Dufferin County council is expected to change the date of its February meeting to the first Thursday from the normal second Thursday to approve comments to the Ministry of Environment on a rail corridor transmission line in time for a Feb. 10 deadline for submissions.
Dufferin Wind Power’s REA application to the MOE to build a 230 kV partly underground line on the corridor to the Orangeville transformer substation in preference to a dual 69 kV overhead one through Mono to a new transformer substation there came as good news to Mono residents who had objected to the transformer and to the proposed addition of towering poles to carry the power lines.
But it came as a bit of a shock to residents near the corridor who voiced their concerns about visual impact of the aboveground portion and the effects of that on property values.
Their objections were, perhaps, more pointed on the possible health effects of whatever electromagnetic field would be generated. One or more of the residents had accessed a UK study based on a 230 kV overhead line there.
In a report to be considered by the council tonight, CAO Sonya Pritchard outlines the background for the rail corridor proposal.
She says the council engaged the MMM Group as consultants “after a lengthy process. Identifying a consultant that did not have a conflict with respect to the wind project was difficult and took considerable time. In addition, MMM has been extremely busy and there have been repeated delays in receiving information.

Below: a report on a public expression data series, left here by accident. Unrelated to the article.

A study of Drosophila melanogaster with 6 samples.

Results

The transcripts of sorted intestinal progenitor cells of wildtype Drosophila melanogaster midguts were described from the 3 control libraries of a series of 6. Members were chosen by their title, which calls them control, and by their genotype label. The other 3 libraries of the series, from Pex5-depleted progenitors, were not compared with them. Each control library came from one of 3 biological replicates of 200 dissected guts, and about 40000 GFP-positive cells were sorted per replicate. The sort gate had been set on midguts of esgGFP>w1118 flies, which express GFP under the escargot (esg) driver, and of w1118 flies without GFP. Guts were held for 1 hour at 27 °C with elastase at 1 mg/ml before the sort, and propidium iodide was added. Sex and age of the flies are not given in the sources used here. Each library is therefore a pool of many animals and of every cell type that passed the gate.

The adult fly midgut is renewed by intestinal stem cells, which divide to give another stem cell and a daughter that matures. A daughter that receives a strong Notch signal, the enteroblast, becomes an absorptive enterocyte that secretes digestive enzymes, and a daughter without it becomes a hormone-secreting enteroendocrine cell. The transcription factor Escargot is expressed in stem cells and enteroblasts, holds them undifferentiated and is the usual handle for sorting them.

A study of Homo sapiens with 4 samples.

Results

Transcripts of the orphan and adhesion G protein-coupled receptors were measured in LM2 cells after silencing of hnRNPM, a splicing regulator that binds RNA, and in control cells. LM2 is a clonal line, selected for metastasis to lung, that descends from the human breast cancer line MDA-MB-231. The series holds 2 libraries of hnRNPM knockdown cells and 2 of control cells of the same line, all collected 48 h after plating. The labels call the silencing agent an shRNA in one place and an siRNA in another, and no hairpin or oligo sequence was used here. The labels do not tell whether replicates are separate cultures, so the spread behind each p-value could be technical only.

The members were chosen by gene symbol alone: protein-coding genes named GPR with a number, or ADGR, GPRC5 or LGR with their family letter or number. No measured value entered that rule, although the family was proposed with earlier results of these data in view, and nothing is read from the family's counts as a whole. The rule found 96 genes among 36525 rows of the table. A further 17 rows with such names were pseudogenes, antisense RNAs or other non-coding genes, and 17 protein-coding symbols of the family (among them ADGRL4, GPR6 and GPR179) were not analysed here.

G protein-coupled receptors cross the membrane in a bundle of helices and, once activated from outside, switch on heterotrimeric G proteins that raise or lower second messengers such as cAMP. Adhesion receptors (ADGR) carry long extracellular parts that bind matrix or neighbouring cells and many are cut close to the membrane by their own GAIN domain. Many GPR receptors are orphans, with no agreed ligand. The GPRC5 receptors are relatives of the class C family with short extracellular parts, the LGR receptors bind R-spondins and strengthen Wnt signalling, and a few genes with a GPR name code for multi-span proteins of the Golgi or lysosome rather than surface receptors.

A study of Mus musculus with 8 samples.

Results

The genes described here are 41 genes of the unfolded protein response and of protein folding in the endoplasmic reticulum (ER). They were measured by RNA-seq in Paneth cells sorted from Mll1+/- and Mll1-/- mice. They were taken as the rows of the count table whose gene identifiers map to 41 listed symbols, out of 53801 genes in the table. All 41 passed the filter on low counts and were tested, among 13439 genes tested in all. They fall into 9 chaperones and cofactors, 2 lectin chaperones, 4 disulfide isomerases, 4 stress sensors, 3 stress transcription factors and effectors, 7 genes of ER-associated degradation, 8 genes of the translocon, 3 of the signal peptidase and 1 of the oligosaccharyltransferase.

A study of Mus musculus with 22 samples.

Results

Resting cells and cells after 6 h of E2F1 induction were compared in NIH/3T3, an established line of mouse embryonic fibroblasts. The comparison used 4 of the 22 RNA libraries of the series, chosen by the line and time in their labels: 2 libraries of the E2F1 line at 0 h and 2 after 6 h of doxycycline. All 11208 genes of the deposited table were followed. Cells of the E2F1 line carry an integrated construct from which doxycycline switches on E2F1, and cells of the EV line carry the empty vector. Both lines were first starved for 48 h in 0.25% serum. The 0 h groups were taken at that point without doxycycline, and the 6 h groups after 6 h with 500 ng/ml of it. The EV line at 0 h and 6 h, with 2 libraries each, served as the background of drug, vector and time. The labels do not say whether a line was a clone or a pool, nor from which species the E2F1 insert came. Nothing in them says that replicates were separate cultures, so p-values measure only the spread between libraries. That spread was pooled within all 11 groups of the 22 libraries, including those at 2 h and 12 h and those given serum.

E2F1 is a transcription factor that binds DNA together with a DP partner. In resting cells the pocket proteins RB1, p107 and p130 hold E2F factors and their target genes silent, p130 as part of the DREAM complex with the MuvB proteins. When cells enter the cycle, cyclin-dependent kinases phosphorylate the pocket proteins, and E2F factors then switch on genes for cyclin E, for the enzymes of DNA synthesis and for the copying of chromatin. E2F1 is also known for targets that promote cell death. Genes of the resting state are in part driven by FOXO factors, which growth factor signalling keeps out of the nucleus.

“A report from MMM is expected during the second or third week of January. This report will be used to identify concerns and local impacts that will affect the agreement to grant an easement,” she says in her report.
“The deadline for comments to the MOE is February 10. Staff will continue working with the MMM consultants over the next month to identify concerns as they pertain to the rail corridor and potential future uses as well as to identify comments raised from residents that may need further clarification.”
DWP had filed its application to the OEB in August 2012, along with an application for the Mono power line proposal. It withdrew the Mono application on Dec. 17, and the MOE deemed the “application to be complete on December 27.”
Meantime, a September 2012 Memorandum of Understanding between the county and DWP with respect to the rail corridor did not commit the county to granting an easement. The thrust of the MOU was that DWP would pay the county’s costs of consulting.
A public information session was held on Nov. 6, and Ms. Pritchard says a further one is scheduled for Jan. 31. She hasn’t specified the location.
She says in her report that the county has collected contact information from “over 300 people who are provided with new information as it comes available.”
Such is the scope of interest in and/or objections to the transmission line.